Special to Palmetto Counseling’s Blog | July 2, 2019 5:55 PM EDT
This issue features an article by Christian Worstell
Understanding the Issue
Did you know that in 2010, the highest rate of suicide was among adults 85 years of age and older?
It certainly was surprising news to me, and likely to many others as well. But the truth is that mental health is often overlooked in older individuals, and it’s a growing issue.
According to The Mental Health and Substance Use Workforce for Older Adults, about 8 million adults over age 65 have one or more mental health or substance abuse problem.
And many studies show that mental illness is underrecognized and underdiagnosed in this older population.
In fact, in one study, 23 older adults screened positive for depression, but less than 40 percent of them were receiving any treatment.
Our culture has brought awareness to mental illness in younger adults but has forgotten that there is a large number of seniors who are suffering as well. What many people fail to realize is that it’s very common for seniors to experience depression, loneliness, anxiety, and loss.
Here are a few reasons why mental health is often overlooked or underdiagnosed in older adults:
1. It’s a subject not often talked about by older adults.
Many seniors don’t want to seem weak or dependent, so they don’t speak up about their feelings and needs.
2. Misconceptions surrounding aging
Many people believe that depression is a normal part of aging. But it’s not, and we need to break this stigma. Mental health is important for everyone, especially older adults.
3. Confusing the symptoms
Older adults suffering from depression may experience dementia-like symptoms. It may be difficult for you to tell the two illnesses apart. Here are some tips that may help you distinguish depression from dementia.
4. Negative views on mental health
Negative attitudes about mental health are prominent among seniors. These attitudes are brought about by social stigmas and can influence public opinion.
For instance, an older adult may think people will view them as crazy if they speak up about their illness. This negative attitude derives from old concepts of institutionalization, a time when mental illness was something that wasn’t discussed openly or was frowned upon.
Additionally, older adults may rely on their spiritual beliefs and feel they are not being a “good Christian” if they speak up as if their depression or anxiety is due to not praying enough. These stigmas can certainly cause an older adult to feel ashamed and prevent them from seeking help.
Start the conversation
There are several different ways to start the conversation about mental health with your senior loved ones.
1. Understand that the brain is as important as the body
One easy way to start is by normalizing the topic of mental health and approach mental health care like physical health care. Understand that our mind’s wellbeing is just as important as physical ache or pain, so we should treat our mental health with the same precautions.
2. Get vulnerable
One of the best ways to get an older loved one to open up about their mental health is by being honest and open with them about your feelings and the struggles you’ve faced. So, get vulnerable and initiate an open dialogue.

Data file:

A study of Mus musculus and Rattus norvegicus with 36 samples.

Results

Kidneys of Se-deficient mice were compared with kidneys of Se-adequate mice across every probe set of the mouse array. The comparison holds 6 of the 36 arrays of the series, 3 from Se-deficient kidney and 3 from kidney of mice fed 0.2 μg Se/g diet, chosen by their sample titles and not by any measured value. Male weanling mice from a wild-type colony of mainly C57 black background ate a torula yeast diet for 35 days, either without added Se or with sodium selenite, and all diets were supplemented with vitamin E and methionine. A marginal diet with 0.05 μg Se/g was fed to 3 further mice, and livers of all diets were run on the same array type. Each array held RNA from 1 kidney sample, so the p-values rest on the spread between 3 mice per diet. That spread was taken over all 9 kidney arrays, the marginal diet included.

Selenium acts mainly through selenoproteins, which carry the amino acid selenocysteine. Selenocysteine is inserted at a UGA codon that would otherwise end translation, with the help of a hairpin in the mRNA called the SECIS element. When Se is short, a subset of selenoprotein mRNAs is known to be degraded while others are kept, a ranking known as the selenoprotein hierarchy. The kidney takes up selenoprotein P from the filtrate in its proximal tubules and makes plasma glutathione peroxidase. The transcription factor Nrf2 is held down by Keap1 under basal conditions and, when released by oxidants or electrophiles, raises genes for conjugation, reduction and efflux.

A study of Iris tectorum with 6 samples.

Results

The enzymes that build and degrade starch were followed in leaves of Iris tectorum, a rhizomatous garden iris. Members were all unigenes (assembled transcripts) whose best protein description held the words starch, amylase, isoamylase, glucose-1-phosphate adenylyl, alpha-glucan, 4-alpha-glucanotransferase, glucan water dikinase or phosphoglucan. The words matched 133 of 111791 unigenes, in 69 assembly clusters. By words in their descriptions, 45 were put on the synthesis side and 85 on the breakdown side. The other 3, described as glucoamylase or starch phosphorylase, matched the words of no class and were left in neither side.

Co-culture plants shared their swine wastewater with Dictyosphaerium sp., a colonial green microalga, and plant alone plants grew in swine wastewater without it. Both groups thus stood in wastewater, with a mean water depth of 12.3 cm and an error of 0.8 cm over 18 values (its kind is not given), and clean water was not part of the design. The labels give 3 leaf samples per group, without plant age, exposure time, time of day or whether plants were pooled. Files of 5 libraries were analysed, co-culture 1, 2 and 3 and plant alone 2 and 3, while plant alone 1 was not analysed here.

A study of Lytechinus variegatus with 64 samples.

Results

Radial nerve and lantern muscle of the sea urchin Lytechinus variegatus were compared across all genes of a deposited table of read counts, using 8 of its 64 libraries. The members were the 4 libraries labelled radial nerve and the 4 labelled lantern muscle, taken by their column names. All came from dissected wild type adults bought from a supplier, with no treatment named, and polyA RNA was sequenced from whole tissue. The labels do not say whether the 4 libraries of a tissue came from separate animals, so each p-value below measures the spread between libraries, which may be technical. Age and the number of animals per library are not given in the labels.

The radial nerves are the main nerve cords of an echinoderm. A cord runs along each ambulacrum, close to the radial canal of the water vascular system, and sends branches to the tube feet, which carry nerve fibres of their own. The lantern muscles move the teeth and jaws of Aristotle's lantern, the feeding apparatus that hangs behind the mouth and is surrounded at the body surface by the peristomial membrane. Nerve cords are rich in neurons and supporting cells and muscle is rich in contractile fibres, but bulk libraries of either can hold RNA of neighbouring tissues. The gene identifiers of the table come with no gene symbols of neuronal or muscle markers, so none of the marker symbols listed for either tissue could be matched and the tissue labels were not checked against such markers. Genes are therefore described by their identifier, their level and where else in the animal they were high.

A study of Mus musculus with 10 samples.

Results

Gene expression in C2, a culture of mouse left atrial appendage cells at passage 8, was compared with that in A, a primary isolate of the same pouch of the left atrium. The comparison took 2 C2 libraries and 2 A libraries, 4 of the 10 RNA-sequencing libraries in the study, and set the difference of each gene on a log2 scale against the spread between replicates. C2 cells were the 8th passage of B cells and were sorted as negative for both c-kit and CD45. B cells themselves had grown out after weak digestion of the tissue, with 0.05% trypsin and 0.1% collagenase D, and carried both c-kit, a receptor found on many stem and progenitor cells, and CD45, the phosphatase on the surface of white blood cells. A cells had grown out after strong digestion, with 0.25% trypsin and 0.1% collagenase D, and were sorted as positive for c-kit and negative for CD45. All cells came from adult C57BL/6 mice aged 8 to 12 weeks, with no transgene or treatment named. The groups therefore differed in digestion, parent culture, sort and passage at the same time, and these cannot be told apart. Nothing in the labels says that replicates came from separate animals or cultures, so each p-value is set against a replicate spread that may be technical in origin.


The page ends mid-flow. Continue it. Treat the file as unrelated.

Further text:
3. Get help
Talk to your primary care physician about local counseling services in your community. Many times, older adults are hesitant to seek professional help because of the costs involved. But a lot of insurance plans, including Medicare, cover a wide range of mental health services. As a caregiver or a loved one, one of the biggest ways you can help is to speak with your loved one’s primary care provider regarding your concerns.
Ask your loved one if you can accompany them to their appointments. That way you can be involved in finding solutions. If they are adamant on going alone, check in on them to ensure they are following through with their appointments and treatments.
A huge reason why mental illnesses slip through the cracks in older individuals is that they don’t speak up about it. That’s why it’s important to ask questions while being sensitive to their emotions and feelings.
Older people were raised during a time when it was normal to keep quiet about their thoughts and feelings. Be sure to respect their culture and values in the process. Additionally, look for signs of depression. A drastic change in mood, energy level, and behavior can signal a problem.
If you are an older individual suffering from a mental health illness, please speak up. The biggest thing to remember is that, regardless of age, we are all humans. None of us are perfect and we all need help sometimes. Don’t be afraid to ask for it. Your well-being depends on it, and we are all rooting for you.
The underdiagnosis in seniors is a trending topic that is being addressed more and more each day. The more awareness we spread, the sooner we can see change. Let’s help our seniors receive the care they deserve.
About the Author
Christian Worstell is a freelance writer living in Raleigh, NC.
Do you have an article on mental health, addiction, substance abuse, mental health advocacy or other important topic you would like to submit?